We are currently trialling our new-look independent.co.uk website - please send any feedback to beta@independent.co.uk

Business News

Exclusive: Bernie Ecclestone vows revenge weeks after settling bribery trial for $100m

F1 boss claims he's ready to get even with critics after paying $100m to settle bribery case

The Formula One supremo Bernie Ecclestone has promised to get even with critics who predicted his downfall from a bribery trial, which he settled earlier this month.

Mr Ecclestone paid $100m (£60m) to prosecutors in Germany to put the brakes on charges that he paid a bribe to steer the sale of Formula One to his preferred buyer, the private equity firm CVC.

The trial was being held for two days every week to allow Mr Ecclestone to continue to run it, and his lawyer Sven Thomas said that it had become “extremely burdensome”.

“Now I am in a position where I have got a little bit more time and I shall follow my old idea in life: ‘Don’t get mad, get even.’ I haven’t got mad but I’m going to get even,” Mr Ecclestone said.

He said that high on his list is Dieter Hahn, a German businessman on the board of media rights company Constantin Medien. Last year it sued Mr Ecclestone in London for allegedly undervaluing Formula One by engineering the sale to CVC rather than a higher bidder. In February it lost its case, but it is appealing the decision.

By settling the trial in Germany Mr Ecclestone preserved his innocence and the judge Peter Noll said that “the charges could not, in important areas, be substantiated”.

Video: Bernie Ecclestone pays $100m to prosecutors earlier this month

The judge’s comments came after the £60m had been paid to prosecutors and Mr Ecclestone said afterwards that he was “a bit of an idiot” to settle. However, he added: “The prosecutors didn’t know the judge was going to come up with that.”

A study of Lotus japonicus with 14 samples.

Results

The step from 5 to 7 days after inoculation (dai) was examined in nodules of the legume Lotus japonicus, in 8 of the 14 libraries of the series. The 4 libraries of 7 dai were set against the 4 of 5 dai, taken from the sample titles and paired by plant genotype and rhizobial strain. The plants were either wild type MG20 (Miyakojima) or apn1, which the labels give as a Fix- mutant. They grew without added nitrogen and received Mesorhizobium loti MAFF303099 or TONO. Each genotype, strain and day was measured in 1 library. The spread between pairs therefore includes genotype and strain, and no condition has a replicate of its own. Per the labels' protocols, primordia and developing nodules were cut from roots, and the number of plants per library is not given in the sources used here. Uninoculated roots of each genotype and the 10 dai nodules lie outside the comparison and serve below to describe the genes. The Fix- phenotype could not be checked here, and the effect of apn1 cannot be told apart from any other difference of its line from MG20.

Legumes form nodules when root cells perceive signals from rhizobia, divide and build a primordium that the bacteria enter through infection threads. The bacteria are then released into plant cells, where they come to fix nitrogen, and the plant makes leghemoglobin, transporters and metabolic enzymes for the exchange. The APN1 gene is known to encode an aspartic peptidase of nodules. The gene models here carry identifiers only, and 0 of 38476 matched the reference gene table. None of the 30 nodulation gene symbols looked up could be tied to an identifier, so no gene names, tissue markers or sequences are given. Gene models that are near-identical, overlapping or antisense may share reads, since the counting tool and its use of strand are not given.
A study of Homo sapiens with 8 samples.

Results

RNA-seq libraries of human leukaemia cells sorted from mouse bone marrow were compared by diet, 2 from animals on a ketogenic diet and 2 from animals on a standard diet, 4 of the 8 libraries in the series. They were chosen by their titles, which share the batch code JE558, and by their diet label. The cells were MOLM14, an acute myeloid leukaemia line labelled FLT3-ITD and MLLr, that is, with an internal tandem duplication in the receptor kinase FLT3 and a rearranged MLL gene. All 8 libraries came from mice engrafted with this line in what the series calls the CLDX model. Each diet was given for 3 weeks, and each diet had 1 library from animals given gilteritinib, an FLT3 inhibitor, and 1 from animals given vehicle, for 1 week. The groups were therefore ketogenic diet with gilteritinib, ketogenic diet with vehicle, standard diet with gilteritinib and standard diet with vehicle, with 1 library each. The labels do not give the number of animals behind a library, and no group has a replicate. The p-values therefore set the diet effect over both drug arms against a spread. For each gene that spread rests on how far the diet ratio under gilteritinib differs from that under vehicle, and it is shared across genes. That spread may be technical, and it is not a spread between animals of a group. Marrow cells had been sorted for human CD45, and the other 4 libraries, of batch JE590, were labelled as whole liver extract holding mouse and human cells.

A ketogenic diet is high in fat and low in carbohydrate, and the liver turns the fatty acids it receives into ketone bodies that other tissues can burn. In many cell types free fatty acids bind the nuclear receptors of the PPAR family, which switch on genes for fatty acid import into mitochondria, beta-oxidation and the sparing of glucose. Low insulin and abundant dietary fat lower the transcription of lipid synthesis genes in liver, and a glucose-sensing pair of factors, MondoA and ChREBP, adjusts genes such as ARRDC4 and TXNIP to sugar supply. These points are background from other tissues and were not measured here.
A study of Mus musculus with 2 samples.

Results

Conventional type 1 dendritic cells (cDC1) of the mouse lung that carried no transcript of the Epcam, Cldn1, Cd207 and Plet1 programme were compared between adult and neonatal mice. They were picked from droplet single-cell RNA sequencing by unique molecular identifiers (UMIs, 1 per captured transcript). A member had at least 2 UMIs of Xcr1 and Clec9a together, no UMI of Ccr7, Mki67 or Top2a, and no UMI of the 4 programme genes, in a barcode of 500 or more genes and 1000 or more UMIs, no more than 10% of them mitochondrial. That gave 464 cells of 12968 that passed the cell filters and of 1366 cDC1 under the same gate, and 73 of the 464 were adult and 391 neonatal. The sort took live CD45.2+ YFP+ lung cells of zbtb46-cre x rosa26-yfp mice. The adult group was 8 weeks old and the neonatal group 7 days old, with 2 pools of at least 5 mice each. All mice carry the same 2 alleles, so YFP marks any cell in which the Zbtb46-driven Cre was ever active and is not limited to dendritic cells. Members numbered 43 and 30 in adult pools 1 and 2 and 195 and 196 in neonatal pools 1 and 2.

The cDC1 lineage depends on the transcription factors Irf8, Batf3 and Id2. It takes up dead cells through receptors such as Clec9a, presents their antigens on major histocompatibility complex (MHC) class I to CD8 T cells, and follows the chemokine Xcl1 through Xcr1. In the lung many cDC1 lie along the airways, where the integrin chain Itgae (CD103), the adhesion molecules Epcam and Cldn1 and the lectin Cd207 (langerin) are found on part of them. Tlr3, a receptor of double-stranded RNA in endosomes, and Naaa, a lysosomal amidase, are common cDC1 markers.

The judge said that the settlement sum was set in relation to the wealth of the accused. “The system is quite good because if somebody is in trouble and earning $5,000 a year it is a bit different to somebody who is earning more,” said Mr Ecclestone. He added: “They didn’t make me pay $100m. I agreed to pay.”

The prosecutors approached Mr Ecclestone about settling after the trial had been under way for three months and he says it could not have happened sooner. “It’s not quite as easy as people portray. You don’t just say ‘Here’s a few quid.’ It’s a bit of a privilege. They have to realise that perhaps they haven’t got a good case and provided that the prosecutors, me and the defence are happy then it’s OK, but up to then they just keep going.”

The settlement paves the way for CVC to sell its 35 per cent stake in the sport. According to recent reports, possible buyers include Virgin Media’s owner Liberty Global, Disney and even Mr Ecclestone himself. However, he is coy about whether a deal is on the horizon.

“Disney is a nice company. Nice people,” he said. “Lots of people have looked at buying Formula One. Until they start looking at what they have got to pay, it is coffee-shop talk. I’ve no idea whether CVC are going to sell this year. I haven’t got a clue.

“Whether I buy back into Formula One depends what sort of situation arises, but it’s not a priority. I’m a bit busy at the moment and have got a lot of catching up to do.”